Congress passed the Servicemembers Civil Relief Act (SCRA) in 2003 to replace and update the Soldiers’ & Sailors’ Civil Relief Act of 1940, with the intent of protecting members of the nation’s armed forces from legal actions while on duty so that they can devote all of their attention to the task of defending the country. The SCRA applies to all civil actions that might be brought against an individual, such as those involving credit card debt, mortgages and lease issues. Since family law cases such as divorce and child custody matters are also civil actions, the provisions of the SCRA apply to these matters and military families must be aware of the ways that the SCRA can affect their cases.
Protection from Default Judgments
One of the biggest protections for service members that the SCRA offers is a shield against default judgments. When a person files for a default judgment in a paternity, divorce or custody matter, he or she must submit an affidavit stating whether or not the person against whom he or she is seeking judgment is in the military. If the person is in the military, the court has the obligation to appoint that person counsel. The lawyer then must ascertain whether the person is actually in the military and, if so, request a stay of proceedings on the client’s behalf.
If a court issues a judgment in a matter without this affidavit, the judgment is voidable. The servicemember may reopen the case if he or she can show that military service prevented him or her from mounting a defense. The court must reopen the case when:
For the purposes of the SCRA, military service entails total military service, ending with Estimated Time of Separation (ETS) or retirement, not just the particular tour or assignment that prevented the servicemember from appearing in the case.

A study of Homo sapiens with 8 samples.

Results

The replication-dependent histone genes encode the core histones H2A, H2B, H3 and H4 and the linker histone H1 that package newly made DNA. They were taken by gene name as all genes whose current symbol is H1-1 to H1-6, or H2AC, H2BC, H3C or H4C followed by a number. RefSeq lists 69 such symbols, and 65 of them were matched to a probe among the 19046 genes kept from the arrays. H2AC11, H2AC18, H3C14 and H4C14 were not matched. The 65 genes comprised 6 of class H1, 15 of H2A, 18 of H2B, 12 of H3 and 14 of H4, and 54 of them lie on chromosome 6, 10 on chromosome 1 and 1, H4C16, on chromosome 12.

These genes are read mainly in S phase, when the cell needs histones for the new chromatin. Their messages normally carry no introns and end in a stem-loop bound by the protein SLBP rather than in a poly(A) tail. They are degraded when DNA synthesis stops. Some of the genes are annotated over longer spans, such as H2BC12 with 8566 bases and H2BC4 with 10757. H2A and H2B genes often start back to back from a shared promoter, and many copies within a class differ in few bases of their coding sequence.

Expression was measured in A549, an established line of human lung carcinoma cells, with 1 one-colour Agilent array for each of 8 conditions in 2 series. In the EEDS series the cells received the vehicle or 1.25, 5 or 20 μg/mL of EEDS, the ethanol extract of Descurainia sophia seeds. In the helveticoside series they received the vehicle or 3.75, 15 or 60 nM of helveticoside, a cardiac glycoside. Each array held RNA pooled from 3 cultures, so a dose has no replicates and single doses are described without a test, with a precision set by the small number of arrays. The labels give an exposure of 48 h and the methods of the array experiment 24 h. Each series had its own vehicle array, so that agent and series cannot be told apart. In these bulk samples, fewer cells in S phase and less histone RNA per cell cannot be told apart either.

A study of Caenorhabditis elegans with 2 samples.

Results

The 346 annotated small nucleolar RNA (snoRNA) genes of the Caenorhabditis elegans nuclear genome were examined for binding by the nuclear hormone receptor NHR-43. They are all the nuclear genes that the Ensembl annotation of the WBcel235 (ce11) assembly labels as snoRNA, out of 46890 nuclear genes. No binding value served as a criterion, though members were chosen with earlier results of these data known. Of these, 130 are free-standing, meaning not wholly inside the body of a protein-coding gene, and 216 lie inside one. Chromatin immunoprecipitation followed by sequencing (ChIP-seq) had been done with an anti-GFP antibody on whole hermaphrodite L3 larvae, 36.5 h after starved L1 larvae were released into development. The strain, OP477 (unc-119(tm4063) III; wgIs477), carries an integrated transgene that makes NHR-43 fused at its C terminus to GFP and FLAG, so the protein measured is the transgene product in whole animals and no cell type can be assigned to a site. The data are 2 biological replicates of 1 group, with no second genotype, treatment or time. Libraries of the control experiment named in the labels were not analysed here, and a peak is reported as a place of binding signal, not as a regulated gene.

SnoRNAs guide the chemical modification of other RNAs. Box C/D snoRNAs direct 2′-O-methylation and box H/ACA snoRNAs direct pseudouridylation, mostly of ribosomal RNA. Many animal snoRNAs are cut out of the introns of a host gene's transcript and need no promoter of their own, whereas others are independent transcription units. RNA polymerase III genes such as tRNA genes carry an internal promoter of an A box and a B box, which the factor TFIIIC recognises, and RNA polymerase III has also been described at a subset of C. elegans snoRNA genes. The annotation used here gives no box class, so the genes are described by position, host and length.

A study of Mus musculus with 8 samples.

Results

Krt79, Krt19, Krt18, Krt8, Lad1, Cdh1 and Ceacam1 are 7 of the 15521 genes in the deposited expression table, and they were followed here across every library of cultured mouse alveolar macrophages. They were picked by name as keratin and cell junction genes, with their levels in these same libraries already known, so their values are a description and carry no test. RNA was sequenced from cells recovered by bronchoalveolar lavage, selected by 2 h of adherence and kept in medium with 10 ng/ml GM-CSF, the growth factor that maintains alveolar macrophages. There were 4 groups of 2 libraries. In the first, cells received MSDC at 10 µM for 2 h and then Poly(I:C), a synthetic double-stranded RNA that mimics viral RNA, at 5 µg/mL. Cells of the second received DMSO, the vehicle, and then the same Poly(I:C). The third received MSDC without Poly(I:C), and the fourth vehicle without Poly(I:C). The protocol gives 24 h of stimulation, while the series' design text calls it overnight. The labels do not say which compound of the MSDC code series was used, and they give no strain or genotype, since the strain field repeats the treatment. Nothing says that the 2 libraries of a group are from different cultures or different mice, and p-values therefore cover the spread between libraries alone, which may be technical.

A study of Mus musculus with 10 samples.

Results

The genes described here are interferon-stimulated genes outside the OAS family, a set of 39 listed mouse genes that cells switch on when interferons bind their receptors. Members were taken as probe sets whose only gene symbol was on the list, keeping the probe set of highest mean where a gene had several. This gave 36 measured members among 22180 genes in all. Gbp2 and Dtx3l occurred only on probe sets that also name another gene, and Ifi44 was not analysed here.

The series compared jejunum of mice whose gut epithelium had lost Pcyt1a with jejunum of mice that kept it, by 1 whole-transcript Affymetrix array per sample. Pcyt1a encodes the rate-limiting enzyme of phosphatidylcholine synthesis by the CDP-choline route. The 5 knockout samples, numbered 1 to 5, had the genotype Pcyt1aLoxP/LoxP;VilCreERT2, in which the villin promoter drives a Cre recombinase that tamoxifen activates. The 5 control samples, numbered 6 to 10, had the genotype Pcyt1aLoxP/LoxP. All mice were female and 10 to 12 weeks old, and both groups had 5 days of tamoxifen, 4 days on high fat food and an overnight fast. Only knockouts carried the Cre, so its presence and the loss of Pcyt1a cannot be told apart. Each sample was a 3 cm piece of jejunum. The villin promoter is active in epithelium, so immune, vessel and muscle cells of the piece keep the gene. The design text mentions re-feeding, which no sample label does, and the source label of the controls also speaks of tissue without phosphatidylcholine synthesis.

Stay of Proceedings
Another provision of the SCRA that applies to family law actions is the stay of proceedings. The court may stay proceedings for 90 days on its own motion, and must stay proceedings on the motion of a servicemember, in the following circumstances:
The court must grant the first 90 day stay to servicemembers who petition for it and meet the listed criteria. Thereafter, servicemembers may petition for additional stays if they continue to meet the criteria but the court need not grant them if the servicemember is represented by counsel.
Courts have the ability to work with servicemembers to protect their interests while still allowing proceedings to go forward, however. Some courts allow testimony via telephone or videoconferencing equipment and can try to schedule court dates during the servicemember’s authorized leave.
If the court denies a servicemember’s petition for a stay of proceedings, the servicemember may not use the SCRA to set aside a default judgment in the matter.
Military members and their families are under a great deal of stress and that stress is only aggravated when the family goes through a divorce or custody battle. Not understanding the special protections in place for legal actions involving service personnel can make the situation even more trying. If you are a member of a military family dealing with a family law issue, contact an experienced attorney who can help ensure that the process goes as smoothly as possible.